Football is boycotting social media this weekend
Independent Sport is standing alongside football and other sports by participating in a social media boycott.
Taking place from 3pm on Friday 30 April until 11.59pm on Monday 3 May, the initiative will see leading English football organisations, other sports and media outlets suspend activity on Twitter, Facebook and Instagram. The aim is to raise greater awareness against discrimination online and force social media giants to do more to tackle online hate.
Not enough is being done. A recent YouGov poll revealed more than one in 10 have received online abuse and half the UK population have seen online abuse in the last year.
Part of The Independent’s duty when covering sport is to look beyond the field of play. And amid the challenges faced by all during the Covid-19 pandemic, it has been startling how much online vitriol athletes have been subjected to during a time of collective struggle. Even more jarring has been the lack of action from those in charge of these platforms who could clamp down on all kinds of discrimination with just the click of a button.
Football’s authorities initiated boycott plans last week in response to the growing body of hate and abuse online, particularly aimed and players, managers, and pundits. All clubs across the Premier League, Football League, Women’s Super League and Women’s Championship are switching off their accounts. Governing bodies’ central accounts such as those belonging to the Premier League, the Football Association, the WSL, the EFL, the Professional Footballers’ Association, the League Managers Association and the Football Supporters’ Association are also involved, as are anti-discrimination bodies Kick It Out and Show Racism The Red Card, and organisations and clubs across Scottish and Welsh football. There is also widespread support beyond football: rugby union’s key governing bodies and all Premiership teams have joined the boycott, as have the UK governing bodies of rugby league, darts, horse racing and cycling. Lewis Hamilton has also vowed to join the social media blackout.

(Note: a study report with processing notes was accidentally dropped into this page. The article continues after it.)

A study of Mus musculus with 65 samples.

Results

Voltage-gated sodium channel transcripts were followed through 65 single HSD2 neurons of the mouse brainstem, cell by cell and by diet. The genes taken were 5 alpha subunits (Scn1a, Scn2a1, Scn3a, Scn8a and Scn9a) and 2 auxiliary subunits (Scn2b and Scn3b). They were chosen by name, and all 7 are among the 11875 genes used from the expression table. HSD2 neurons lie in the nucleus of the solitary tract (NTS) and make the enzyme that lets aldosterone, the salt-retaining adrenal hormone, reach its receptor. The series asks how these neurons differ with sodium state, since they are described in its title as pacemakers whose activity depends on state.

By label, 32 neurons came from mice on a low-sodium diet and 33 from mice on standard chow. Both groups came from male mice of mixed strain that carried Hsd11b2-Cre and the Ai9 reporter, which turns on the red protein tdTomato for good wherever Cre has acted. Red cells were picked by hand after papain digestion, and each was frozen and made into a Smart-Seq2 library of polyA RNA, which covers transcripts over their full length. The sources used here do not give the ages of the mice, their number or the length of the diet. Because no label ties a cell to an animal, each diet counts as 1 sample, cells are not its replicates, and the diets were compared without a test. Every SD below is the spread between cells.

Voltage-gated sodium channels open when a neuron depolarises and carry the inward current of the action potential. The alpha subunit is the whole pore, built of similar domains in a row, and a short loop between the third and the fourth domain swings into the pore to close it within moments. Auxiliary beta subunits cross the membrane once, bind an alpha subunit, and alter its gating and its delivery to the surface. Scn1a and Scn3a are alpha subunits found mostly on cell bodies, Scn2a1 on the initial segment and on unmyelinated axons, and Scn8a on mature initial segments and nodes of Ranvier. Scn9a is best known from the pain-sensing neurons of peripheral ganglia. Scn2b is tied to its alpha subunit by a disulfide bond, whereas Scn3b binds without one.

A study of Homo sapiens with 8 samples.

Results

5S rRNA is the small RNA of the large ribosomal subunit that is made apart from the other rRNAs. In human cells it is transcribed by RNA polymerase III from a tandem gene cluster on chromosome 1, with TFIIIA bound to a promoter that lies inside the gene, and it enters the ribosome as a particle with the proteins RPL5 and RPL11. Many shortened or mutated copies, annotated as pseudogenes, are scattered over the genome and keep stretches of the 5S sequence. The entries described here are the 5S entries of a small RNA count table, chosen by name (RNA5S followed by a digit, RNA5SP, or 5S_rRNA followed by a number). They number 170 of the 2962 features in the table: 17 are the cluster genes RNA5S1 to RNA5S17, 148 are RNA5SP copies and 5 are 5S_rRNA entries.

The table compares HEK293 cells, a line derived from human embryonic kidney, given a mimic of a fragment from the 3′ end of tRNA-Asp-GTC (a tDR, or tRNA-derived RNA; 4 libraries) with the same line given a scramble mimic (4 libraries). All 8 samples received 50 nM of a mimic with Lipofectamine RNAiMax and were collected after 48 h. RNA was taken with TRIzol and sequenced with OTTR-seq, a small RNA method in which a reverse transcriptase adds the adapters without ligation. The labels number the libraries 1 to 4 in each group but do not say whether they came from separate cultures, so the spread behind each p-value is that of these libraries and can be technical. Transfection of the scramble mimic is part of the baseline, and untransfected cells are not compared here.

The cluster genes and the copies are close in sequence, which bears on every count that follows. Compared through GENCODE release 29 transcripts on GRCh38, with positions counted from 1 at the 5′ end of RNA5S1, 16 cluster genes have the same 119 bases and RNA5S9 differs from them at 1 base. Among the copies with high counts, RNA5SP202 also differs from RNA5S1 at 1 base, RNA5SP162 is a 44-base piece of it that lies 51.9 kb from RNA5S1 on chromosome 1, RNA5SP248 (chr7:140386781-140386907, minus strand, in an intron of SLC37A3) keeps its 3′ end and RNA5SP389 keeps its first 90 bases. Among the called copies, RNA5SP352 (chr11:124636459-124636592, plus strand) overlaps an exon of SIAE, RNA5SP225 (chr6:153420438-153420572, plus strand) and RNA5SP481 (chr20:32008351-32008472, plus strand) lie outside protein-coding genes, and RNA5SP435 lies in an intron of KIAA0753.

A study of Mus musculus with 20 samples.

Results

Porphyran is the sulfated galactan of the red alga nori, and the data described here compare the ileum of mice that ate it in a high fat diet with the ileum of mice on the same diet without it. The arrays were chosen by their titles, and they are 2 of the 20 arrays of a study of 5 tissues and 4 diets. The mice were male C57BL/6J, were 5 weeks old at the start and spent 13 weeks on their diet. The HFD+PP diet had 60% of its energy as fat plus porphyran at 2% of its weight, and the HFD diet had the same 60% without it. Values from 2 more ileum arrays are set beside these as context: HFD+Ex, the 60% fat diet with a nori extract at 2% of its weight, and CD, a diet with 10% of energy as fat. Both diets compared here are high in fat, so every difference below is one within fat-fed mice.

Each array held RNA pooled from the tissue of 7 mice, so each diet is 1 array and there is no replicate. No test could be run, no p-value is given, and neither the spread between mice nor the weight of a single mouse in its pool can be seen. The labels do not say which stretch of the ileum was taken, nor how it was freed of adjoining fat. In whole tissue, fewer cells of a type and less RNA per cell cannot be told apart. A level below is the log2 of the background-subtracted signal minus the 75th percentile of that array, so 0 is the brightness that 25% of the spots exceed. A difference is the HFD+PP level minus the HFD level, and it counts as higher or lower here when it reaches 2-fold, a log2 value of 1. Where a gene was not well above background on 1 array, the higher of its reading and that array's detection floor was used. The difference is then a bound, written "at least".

It may well have no effect. By Tuesday, things may go on as they did before, with no signs of change where it is needed. But being an ally is as much about standing shoulder to shoulder to fight the battles that may not be won. Thus, we at The Independent are proud to offer our solidarity by taking part.